In recent years, China has awakened to a growing dilemma. The country is increasingly dependent on energy imported through maritime straits that are kept secure by other navies — notably the United States in the Persian Gulf.
As a new report published by the Brookings Institution notes, China's extraordinary economic growth has led to a massive rise in demand for energy. Although Beijing is investing heavily in domestic supplies, such as coal, it's still not enough to meet its needs.
In fact, China has now overtaken the United States in terms of volumes of oil imports. Much of this oil, and an increasing quantity of gas, is imported by sea, from unstable countries where China is discovering it has less influence that it expected, via insecure routes that it doesn't control. For instance, China imports as much as 55% of its petroleum resources from the Persian Gulf, with the majority of it passing through the Strait of Hormuz, where the US Navy has long been a guarantor of security. According to one estimate, the U.S. has spent $8 trillion on protecting oil shipments in the region since 1976.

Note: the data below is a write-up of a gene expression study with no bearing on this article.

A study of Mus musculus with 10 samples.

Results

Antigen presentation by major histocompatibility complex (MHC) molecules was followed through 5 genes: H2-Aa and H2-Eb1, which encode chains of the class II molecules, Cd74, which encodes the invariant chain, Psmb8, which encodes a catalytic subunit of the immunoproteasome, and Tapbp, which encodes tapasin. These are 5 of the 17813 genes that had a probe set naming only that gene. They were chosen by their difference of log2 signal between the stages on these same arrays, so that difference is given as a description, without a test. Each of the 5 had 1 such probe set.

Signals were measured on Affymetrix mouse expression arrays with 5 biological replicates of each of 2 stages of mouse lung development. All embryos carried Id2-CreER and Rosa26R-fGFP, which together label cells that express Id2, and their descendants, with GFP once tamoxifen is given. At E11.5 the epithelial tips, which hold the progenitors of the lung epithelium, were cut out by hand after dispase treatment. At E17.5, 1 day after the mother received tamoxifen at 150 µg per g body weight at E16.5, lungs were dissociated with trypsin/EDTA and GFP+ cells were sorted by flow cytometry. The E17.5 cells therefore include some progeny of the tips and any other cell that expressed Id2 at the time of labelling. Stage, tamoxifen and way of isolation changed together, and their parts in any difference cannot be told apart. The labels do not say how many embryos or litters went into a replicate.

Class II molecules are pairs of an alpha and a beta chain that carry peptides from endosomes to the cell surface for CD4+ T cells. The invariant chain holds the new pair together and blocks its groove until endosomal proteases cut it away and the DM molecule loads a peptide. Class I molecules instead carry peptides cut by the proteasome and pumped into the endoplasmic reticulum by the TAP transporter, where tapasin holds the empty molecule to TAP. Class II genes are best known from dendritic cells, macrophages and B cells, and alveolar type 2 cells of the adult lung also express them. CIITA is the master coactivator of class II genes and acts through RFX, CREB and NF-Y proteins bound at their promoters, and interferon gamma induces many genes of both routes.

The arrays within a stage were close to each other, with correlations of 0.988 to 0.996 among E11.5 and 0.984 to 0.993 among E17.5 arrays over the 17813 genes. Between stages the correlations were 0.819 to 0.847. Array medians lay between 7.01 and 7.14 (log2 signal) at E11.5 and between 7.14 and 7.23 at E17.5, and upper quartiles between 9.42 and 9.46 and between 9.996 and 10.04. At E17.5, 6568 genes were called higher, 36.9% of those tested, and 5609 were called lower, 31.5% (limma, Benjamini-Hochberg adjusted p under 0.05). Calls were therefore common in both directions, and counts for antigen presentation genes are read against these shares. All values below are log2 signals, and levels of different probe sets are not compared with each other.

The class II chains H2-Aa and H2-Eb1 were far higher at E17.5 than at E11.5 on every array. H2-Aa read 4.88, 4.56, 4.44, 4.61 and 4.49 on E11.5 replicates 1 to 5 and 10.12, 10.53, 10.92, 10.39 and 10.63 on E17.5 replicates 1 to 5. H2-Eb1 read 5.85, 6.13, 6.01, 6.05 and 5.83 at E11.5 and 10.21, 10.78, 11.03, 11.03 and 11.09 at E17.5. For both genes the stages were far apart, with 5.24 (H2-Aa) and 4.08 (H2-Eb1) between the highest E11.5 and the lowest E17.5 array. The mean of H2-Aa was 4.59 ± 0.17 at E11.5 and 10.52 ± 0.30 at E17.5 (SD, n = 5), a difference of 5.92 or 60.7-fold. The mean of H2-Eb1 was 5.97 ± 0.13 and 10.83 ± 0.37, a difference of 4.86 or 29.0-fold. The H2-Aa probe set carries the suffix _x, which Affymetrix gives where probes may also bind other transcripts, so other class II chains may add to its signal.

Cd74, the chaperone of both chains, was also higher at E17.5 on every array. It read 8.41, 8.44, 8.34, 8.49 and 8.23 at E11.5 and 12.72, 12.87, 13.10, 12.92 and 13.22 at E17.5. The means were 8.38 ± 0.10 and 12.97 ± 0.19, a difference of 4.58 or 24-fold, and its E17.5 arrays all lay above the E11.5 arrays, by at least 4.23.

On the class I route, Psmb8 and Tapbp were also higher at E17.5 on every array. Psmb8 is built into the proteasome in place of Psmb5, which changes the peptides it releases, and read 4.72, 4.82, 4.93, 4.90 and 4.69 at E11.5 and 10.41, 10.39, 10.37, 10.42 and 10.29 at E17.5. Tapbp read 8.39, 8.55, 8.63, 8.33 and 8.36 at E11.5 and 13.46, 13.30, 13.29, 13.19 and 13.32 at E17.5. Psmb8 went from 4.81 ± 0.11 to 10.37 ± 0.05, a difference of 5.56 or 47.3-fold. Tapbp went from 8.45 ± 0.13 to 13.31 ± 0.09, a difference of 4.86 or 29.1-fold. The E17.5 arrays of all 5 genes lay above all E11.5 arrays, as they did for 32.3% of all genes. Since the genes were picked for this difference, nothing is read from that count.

Does that suggest a growing Chinese presence in the Persian Gulf? Um, no, according to the Brookings report:
Within the Middle East, a great deal of attention has been paid to China's growing naval role, with the Saudis hinting that they might shift their allegiances from the United States to China. Good luck to them. The reality is that China is at least two decades away, possibly more, from having the scale or quality of naval and broader military capacity to replace the U.S. role in the Gulf. What's more, the United States shows no real signs of withdrawing from the region, despite rhetoric to the contrary, while China (understandably) is reluctant to become embroiled while the U.S. remains prepared to play policeman on its behalf. The result is something of a standoff, as America pays for security from which others draw an increasing benefit, while China has little control over resources that are critical both to its prosperity and to its internal political stability.
The Brookings analysts warn that US strategists might be tempted to fulfill Chinese fears and use energy as a source of pressure on its most significant rival, while others in the US will see an opportunity to disengage from the Persian Gulf and let China and other countries deal with that regional headache. But, those are false choices. China may be a geostrategic competitor, but it is still a critical economic partner for the United States.
Read the complete Brookings Institution report,"Fueling a New World Order?"